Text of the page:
2002 - 2014
Cultural / Human Interest
115 episodes x 54' min.
“Into the night with…” is an award winning, 60-minute series produced for ZDF/ARTE since 2002. The series matches artists from different fields to spend an evening together in a city of their choice. The idea is to create a forum for artists to exchange ideas and also show them as “real people”. Various locations and surprises evoke spontaneous reactions and interactions between the artists, cameras that operate “fly-on-the-wall”-like add to the unusual high level of authenticity and realness. “Into the night with.” has been awarded the Adolf Grimme Preis “Spezial”, Germany’s most renowned TV-award.
Among those who met on “Into the Night” are Francesco Vezzoli & Rufus Wainwright; Boris Becker & Jamie Cullum, Torie Amos & Hauscka, James Franco & Frank Bidart, Liza Minelli & Fritz Wepper; William Friedkin & Uli Edel; Harmony Korine & Gaspar Noé; Juliette Lewis & Crispin Glover; Wolfgang Joop & Bill Kaulitz; Garry Kasparov & Peter Thiel; Melissa Auf der Mauer & Jennifer Lynch; Christopher Doyle & Nonzee Nimibutr and many others!!! They met in cities such as New York, Los Angeles, Paris, London, Berlin, Vienna, Budapest, Stockholm, Istanbul and Zurich.
Little did Mark Janse know that what had started as a spinoff from his doctoral thesis would, more than a decade later, lead him to discover a Greek-related language that most of his fellow linguists had for decades written off as extinct.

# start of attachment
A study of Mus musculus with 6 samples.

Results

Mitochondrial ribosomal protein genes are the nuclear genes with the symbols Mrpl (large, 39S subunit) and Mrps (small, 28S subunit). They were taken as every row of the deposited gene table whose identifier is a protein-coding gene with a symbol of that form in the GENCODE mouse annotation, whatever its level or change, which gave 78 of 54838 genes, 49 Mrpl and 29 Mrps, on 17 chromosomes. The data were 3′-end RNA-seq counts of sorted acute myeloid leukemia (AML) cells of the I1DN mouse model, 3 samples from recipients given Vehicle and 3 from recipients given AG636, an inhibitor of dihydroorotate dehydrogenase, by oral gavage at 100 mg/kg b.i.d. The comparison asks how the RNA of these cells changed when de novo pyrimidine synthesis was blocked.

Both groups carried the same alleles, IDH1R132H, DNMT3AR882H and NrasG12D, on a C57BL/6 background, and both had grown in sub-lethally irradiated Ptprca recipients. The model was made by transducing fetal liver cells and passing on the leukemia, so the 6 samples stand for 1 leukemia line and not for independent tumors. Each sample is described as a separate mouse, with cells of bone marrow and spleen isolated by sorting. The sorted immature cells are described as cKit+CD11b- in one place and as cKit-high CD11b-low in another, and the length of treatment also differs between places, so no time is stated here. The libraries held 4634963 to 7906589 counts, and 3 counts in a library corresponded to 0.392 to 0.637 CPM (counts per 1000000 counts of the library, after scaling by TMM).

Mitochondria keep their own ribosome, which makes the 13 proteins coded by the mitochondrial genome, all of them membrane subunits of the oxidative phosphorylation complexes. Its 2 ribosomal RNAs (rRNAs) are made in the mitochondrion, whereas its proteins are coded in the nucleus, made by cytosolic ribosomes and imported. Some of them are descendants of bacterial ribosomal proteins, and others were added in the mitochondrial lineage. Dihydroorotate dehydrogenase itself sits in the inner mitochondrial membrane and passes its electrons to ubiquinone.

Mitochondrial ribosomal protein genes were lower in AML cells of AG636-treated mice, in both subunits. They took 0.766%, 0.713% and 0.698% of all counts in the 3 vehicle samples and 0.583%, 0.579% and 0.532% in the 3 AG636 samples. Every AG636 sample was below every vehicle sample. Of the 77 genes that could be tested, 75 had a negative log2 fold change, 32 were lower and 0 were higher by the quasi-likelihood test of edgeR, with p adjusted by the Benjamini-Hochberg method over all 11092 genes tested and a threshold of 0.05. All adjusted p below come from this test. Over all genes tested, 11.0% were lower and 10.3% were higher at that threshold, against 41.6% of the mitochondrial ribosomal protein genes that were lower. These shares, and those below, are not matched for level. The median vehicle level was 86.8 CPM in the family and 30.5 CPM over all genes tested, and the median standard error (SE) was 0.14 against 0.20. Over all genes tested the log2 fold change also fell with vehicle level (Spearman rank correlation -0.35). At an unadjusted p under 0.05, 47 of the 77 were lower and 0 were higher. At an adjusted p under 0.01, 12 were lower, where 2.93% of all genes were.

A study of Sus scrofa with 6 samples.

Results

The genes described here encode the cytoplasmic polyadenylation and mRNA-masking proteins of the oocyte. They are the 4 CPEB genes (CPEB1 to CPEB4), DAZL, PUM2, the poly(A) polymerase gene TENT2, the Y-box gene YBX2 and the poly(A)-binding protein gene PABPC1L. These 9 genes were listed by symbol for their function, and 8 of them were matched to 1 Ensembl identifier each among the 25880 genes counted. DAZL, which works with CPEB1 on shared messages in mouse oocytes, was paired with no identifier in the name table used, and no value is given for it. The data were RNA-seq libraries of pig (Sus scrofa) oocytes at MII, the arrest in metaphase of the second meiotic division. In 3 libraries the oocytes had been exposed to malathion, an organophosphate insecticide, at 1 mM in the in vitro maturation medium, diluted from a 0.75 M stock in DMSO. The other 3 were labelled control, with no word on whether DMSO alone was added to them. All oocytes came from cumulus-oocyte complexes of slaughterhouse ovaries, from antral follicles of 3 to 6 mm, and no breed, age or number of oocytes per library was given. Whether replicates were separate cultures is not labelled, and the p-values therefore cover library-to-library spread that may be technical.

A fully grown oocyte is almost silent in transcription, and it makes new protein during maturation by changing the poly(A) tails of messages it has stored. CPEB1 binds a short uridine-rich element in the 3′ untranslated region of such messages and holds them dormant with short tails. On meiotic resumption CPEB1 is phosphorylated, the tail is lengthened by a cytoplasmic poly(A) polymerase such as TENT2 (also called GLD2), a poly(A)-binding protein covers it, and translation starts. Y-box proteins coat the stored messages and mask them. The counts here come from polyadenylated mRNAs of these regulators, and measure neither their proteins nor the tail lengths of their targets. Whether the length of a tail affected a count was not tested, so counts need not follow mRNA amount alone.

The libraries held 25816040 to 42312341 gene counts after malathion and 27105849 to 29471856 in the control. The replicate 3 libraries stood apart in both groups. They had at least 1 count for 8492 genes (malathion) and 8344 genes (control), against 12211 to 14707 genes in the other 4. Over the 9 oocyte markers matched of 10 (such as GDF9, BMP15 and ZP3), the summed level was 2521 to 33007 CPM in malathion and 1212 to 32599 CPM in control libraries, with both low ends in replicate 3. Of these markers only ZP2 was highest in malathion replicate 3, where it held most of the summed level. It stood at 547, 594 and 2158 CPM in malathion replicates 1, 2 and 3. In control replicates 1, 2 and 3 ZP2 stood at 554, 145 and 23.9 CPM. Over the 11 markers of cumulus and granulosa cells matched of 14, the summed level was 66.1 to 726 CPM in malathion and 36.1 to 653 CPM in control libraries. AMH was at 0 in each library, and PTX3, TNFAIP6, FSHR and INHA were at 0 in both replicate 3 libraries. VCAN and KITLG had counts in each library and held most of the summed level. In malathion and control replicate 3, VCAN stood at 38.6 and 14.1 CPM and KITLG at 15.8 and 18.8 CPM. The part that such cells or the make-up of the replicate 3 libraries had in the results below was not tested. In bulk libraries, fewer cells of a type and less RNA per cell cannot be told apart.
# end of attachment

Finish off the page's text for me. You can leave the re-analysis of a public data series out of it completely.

In 2005, a couple of years after he first presented his research, Janse in 2005 received an astonishing email from a colleague at the University of Patra. Attached was a recent recording of a man saying: ‘Pateram doeka fesa epci’ (My father had 12 children). Immediately recognizing that these four words were Cappadocian, Janse found himself in tears. ’The next day, I booked a flight to Greece, and with my colleague I travelled to the village of Mandra. We really thought we were going to find the last speaker of Cappadocian.’
To their surprise they discovered that the whole village spoke Cappadocian.
In 2006 Janse spoke at an annual reunion, in Greek and a little in Cappadocian. ‘There were 5000 people there. Whenever I started saying something in Cappadocian, there was great applause. At the end, many old people were in tears, hugging and kissing me afterwards.’
He says that the sight of a foreign professor telling them that they ought to be proud of their language and culture moved them deeply, as for years Greek society had made them feel ashamed of their language because of its marked Turkish influence.
& Elena Goatelli
59 & 80' min.
Spain / Italy
A special look into a week-long, nerve-wracking competition in which about 130 young people from all over the world, take part and of which one is to be crowned best conductor.
We see the preparations of five finalists, their love of music and the complex art of conducting. The beady-eyed jury follows every participant’s gesture and movement, who panics about blackouts, or a poorly rehearsed piece of music. Interviews are intercut with footage of the competition. The calm, soothing sounds of the classical compositions contrast more and more starkly with the rising tensions in the run-up to the final.